Peter J. Hotez, MD, PhD1; Rosannah M. Velasquez, BS2; John E. Wolf Jr, MD3
[+] Author Affiliations
1Sabin Vaccine Institute & Texas Children’s Hospital Center for Vaccine Development, Section of Pediatric Tropical Medicine, Department of Pediatrics, National School of Tropical Medicine, Baylor College of Medicine, Houston, Texas
2National School of Tropical Medicine, Baylor College of Medicine, Houston, Texas
3Department of Dermatology, Baylor College of Medicine, Houston, Texas
JAMA Dermatol. 2014;150(5):481-482. doi:10.1001/jamadermatol.2013.8759.

Colin Crawford, MRCP
Conflict of Interest: None Declared

It is surprising that Professor Hotez and colleagues (1) do not mention leprosy, which is a neglected tropical disease, in their discussion of skin disorders. Moreover, mass treatment campaigns, using dapsone monotherapy in northern Nigeria (2) and the ex-French territories of west and central Africa were undertaken in the 1960s. In 1967, I surveyed the village of Igabi in northern Nigeria and found that the prevalence of the disease had decreased from 67 per 1000 to 2 per 1000 after 15 years of dapsone monotherapy (3). There were no bacteriological positive patients and so transmission had ceased. Together, with other evidence, it has been possible to conclude that leprosy could be eradicated.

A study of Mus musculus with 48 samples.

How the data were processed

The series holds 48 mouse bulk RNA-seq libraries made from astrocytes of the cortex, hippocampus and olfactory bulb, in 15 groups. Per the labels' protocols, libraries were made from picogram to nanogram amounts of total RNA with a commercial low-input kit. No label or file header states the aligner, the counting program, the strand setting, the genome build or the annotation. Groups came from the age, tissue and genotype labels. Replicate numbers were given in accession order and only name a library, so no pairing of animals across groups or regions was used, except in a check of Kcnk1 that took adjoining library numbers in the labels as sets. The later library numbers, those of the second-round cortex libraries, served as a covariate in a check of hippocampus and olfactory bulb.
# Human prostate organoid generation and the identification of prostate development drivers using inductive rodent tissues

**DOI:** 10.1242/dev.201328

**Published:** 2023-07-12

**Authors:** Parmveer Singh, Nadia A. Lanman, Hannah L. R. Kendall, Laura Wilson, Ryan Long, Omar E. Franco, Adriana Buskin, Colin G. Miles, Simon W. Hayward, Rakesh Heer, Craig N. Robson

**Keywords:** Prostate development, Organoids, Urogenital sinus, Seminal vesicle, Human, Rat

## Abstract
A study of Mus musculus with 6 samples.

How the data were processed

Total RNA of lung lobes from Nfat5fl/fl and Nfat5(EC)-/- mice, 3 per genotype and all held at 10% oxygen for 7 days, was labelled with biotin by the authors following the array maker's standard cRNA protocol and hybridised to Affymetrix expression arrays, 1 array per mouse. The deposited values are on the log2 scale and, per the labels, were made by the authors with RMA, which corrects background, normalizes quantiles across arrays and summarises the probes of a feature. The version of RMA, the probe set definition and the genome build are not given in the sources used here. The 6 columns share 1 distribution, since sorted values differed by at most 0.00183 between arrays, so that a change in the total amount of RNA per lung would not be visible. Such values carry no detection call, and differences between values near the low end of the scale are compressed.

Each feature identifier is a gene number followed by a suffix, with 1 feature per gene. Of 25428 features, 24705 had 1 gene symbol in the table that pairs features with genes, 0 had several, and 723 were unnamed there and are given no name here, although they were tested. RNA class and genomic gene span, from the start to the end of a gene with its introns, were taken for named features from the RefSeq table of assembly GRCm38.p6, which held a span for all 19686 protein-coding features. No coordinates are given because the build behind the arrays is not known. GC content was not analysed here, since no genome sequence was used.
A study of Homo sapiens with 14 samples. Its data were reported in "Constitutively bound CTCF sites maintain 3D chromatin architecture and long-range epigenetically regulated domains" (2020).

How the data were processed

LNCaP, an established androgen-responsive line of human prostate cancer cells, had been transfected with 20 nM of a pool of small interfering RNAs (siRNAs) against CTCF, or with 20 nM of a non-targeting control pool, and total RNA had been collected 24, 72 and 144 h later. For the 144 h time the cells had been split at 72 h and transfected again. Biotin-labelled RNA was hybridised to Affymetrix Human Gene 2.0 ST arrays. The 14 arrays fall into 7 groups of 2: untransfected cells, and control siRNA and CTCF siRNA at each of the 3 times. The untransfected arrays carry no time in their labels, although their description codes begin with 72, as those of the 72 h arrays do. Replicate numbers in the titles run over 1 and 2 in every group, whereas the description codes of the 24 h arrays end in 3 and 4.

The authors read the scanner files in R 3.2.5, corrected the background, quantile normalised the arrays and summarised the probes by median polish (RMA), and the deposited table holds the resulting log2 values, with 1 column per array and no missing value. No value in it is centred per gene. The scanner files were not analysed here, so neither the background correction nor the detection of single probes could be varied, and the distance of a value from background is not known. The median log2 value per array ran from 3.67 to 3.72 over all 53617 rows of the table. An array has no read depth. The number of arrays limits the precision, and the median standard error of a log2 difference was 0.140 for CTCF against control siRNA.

1. Hotez PJ, Velasquez RM, Wolf JE. Neglected tropical skin diseases. Their global elimination through integrated mass drug administration? JAMA 2014; 150 (5): 481-4822.

2. Ross CM. leprosy control programme in in Northern Nigeria. In: Cochrane RG, Davey TF .Eds. Leprosy in theory and practice. Bristol: John Wright. 1964: 595-599.

3. Crawford CL. The effect of out-patient dapsone in an area of endemic leprosy. Lepr Rev 1969; 40 (3): 159-163.

4. Crawford CL. Towards the eradication of leprosy. In: Berhardt LV ed. Adv Med Biol New York: Nova Sci Publ 2012; 56: 117-127.